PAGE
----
Trump used his favorite communication tool, Twitter, to single out the Freedom Caucus for its members' opposition to the House bill. The President noted that the bill would defund Planned Parenthood and that the caucus would be forgoing an attempt to block funding for the organization, perhaps in the hopes that he could shame the caucus into backing the bill.


That provision would repeal a requirement that insurers cover a list of 10 essential benefits, including maternity care. Asked about this on CBS' "This Morning," Mulvaney argued that states can still require that insurance companies cover the EHBs.


"It’s clear that I would be concerned if I was the president, and that’s why I wanted him to know, and I felt like I had a duty and obligation to tell him because, as you know, he’s taking a lot of heat in the news media,” Nunes told Fox News' Sean Hannity.


House Intelligence Committee Chair Devin Nunes (R-CA) called reporters to the Capitol Visitor Center to solemnly claim that the intelligence community “incidentally collected” information about Trump and some members of his transition team following the election. That information, he said, was collected apart from the FBI's investigation into whether there was any "cooperation" between Trump's campaign and Russian government officials in their efforts to meddle in the U.S. election.

Nunes said the information was collected legally, but his vague and cagey claims were seized upon in a rush of breathless, speculative, and, in some cases, incorrect reports that claimed Trump was telling the truth about having his "wires tapped" all along. The Obama administration spied on the then-President elect, these news outlets agreed (the cat was well out of the bag before Nunes’ office conceded Thursday afternoon that he didn’t know “for sure” that intelligence agencies actually collected communications from Trump or his staffers.)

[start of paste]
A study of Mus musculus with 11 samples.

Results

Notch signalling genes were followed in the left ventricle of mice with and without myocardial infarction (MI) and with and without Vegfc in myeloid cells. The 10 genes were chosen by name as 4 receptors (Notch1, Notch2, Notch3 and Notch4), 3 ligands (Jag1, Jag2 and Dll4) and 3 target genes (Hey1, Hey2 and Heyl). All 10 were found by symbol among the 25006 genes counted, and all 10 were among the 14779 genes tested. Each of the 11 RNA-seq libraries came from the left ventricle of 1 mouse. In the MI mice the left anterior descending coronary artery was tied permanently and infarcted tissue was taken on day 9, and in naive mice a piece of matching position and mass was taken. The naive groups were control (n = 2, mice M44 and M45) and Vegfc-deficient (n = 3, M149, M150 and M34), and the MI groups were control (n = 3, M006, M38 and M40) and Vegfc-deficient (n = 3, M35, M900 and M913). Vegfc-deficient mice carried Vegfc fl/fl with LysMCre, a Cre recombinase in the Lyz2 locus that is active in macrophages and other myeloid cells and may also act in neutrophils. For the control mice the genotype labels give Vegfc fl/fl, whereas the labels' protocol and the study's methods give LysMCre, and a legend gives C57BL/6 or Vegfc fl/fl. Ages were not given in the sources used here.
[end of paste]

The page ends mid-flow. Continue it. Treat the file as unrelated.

But on Thursday President Trump was done negotiating over Republicans’ Obamacare repeal bill. That was the message delivered to GOP House members in a basement conference room Thursday evening, where White House officials told lawmakers that their replacement bill—the American Health Care Act—would be brought to the floor on Friday whether the conference had the votes to pass it or not.


The vote was 227-189, along party lines.

The move clears the way for the House to quickly bring to the floor their Obamacare repeal bill – when and if they finally reach internal agreement on what it should be. A final vote on the bill is expected Friday.

The rules change became necessary after House Rules Committee did not complete its revisions of the controversial bill after 13 hours of deliberation on Wednesday. Negotiations with both the House's hardline conservatives and moderate Republicans failed to produce a compromise Wednesday. Instead, the committee voted to waive a House rule that mandates lawmakers wait at least a day before voting on a bill once it clears the committee process.

Negotiations on the bill dragged on through the day Thursday until leadership eventually postponed a final vote on the yet-to-be seen bill.


“We could have continued through the night and voted in the middle of the night, that's what Democrats have done in the past,” Spicer told Fox News’ Eric Bolling.

“That's not what we were going to do,” he continued. “We wanted to do this in broad daylight tomorrow, when every one of the American people can see not only the bill that we put online days ago for everyone to read, but actually watch the debate take place and watch the vote go down.”